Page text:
Date: Tue, 19 Dec 2000 13:59:16 -0800 (PST)
From: Denise email@example.com>
hi Ray.God bless you for what you have done for me and
millions of other people by posting your visions and
prophecies on the web. I was reading through them all
when I found your vision of the volcanic lava spilling
out at night on Dec 19th at 11:10 pm. How ironic that
the volcano in Mexico erupted last night with the
brialliant colors you spoke of. God has blessed you
with a wonderful gift and I pray that he continues to
do so. I fear the end and pray that God will spare me
and my son but I also know that there are several
things that need to be done. Thank you so much again
and God bless you
998. Vision given to Raymond Aguilera on 19 December 1996 at 11:10 PM.
During prayer the Lord showed a cross section of a volcano with its moving lava. I could see this happening at night with all kinds of colors coming from the flames as the firewall moved across the landscape. The colors were what amazed me the most, and seeing it at night. (over)
Mexicans flee as volcano erupts
Popocatepetl showers fiery rock and ash for six miles around
MEXICO CITY, Dec. 19 — The sky above Mexico City lit up in a spectacular show of fire as the Popocatepetl volcano, which awoke from a 70-year slumber in 1994, spewed red-hot rocks into the air. The eruptions, over the course of Monday night and Tuesday, forced the evacuation of thousands of villagers, who had previously ignored government urging to leave when the volcano began its ominous rumbling on Friday.
A RED PLUME continued to snake up from the mountain's peak Tuesday after a series of internal explosions triggered the largest eruption for Popocatepetl since A.D. 800, when lava poured from its crater, filling nearby valleys, experts said.
Newly elected President Vicente Fox visited the area on Tuesday as authorities warned that the danger wasn't over.
According to an Interior Ministry press conference on Tuesday afternoon, there is still a lot of pressure building up inside the ducts of the volcano, and more emissions are expected. The ministry said the volcano continues to have internal tremors.
The strong activity that started late Monday took local residents by surprise, although officials have been warning the population about a change in the volcano's activity in the past week.
Servando de la Cruz, a vulcanologist at the National Autonomous University of Mexico, said that the long explosions helped release the pressure that had built up under the magma plug that blocked the crater.
But the fear now is that the incandescent rocks could reach a nearby glacier causing it to melt and release a torrent of meltwater and mud on the small communities below.
The volcano is located about 40 miles southeast of Mexico City and, depending on the severity of its activity as well as wind direction, could pose a formidable threat to the capital, which boasts a population of more than 20 million residents.
So far, the hot ash has blown in the direction of Puebla, a city of around 1.8 million people, on the other side of the 17,886-foot peak.
As the wind carried debris and ash from the volcano, Puebla widened its net of evacuees to 56,000 from 38 villages. Initial plans called for 40,000 people to be evacuated from the nearest 22 communities around the mountain. Looking at the roots of a volcano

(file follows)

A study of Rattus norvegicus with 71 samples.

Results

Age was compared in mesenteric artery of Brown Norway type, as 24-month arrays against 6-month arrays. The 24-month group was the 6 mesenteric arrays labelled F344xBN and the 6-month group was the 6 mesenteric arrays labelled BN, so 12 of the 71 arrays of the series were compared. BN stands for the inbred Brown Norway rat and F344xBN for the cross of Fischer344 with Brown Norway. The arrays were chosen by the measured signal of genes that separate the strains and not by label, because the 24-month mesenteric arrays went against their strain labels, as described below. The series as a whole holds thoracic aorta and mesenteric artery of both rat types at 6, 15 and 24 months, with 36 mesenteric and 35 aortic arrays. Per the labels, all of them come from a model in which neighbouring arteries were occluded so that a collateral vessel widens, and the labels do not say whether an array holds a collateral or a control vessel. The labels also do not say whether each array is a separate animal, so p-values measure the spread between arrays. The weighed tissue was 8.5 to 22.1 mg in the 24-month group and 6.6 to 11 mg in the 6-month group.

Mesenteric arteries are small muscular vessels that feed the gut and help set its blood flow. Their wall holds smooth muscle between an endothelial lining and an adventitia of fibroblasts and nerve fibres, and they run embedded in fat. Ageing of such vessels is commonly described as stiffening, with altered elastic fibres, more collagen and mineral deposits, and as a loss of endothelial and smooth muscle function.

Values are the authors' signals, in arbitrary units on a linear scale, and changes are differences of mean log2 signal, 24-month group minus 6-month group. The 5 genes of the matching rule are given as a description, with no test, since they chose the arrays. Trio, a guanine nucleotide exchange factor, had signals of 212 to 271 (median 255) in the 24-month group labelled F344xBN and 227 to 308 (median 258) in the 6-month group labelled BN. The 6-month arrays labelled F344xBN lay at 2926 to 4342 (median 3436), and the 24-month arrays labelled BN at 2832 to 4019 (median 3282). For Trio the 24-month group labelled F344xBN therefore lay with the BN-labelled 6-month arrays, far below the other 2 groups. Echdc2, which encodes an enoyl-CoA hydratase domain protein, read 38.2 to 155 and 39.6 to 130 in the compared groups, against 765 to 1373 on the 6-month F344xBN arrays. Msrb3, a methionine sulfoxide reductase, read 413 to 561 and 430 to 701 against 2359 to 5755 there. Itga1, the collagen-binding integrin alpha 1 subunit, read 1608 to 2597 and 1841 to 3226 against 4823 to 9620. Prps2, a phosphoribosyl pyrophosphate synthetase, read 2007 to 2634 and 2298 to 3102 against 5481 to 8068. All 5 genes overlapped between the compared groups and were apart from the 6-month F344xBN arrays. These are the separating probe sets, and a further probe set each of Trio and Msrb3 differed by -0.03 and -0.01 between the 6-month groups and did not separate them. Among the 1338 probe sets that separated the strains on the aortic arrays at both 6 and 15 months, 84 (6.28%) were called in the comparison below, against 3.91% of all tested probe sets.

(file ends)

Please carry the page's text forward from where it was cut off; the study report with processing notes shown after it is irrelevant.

According to the Interior Ministry, there are 30,000 people in shelters and more evacuated by themselves so the exact number of people who fled the area is unknown. Most of villages in the slopes of the volcano are now empty. The government said it would continue to evacuate surrounding towns if the volcanic activity increases.
AFFECTION FOR THE VOLCANO
But for the local villagers living in shadows of Popocatepetl, the relationship with the volcano is more complex. Generations of families believe that "Don Goyo" or "Goyito," as they call it affectionately, is a part of their lives.
Abandoning him could make him more furious, so they make offerings and honor his presence every day. Television crews reported that local residents asked them to apologize to Don Goyo for filming it.
This relationship dates back to the Spanish conquistador Hernan Cortez, who was responsible for several massacres of Indians in the 16th century. According to legend, the volcano erupted as Cortez passed by, scaring away the invaders.
The still predominately Indian population that lives around the Popocatepetl — which means "Smoking Mountain" in their pre-Hispanic dialect — inherited the legend, and many believed the volcano would not do them any harm.
"All of the past years we thought Goyito was playing games with us, we even considered his rumblings and tremors as a way of communication with us," Baltazar Garcia said. "But now, we are a bit scared... we saw a lot of fire last night, as never before. Something must have upset him."
For Garcia, a resident of Santiago Xalizintla, a rural community in the foothills of the volcano, it's time to go. Most of his community refused to evacuate until Monday night and only 17 residents remained Tuesday, leaving their fate in Goya's hands.
Some residents said police sent in to guard their belongings during a 1994 evacuation instead stole them.
Corn farmer Tomas Jimenez was one of them. He sent his family to Cholula, a city at the volcano's base, and remained to keep watch on their house. But he pointed to a battered pickup truck that represented his only escape.
"Here's my transportation," he said. "At the right moment, I'll take off running."
Laura Saravia is NBC's Mexico bureau chief. The Associated Press contributed to this report.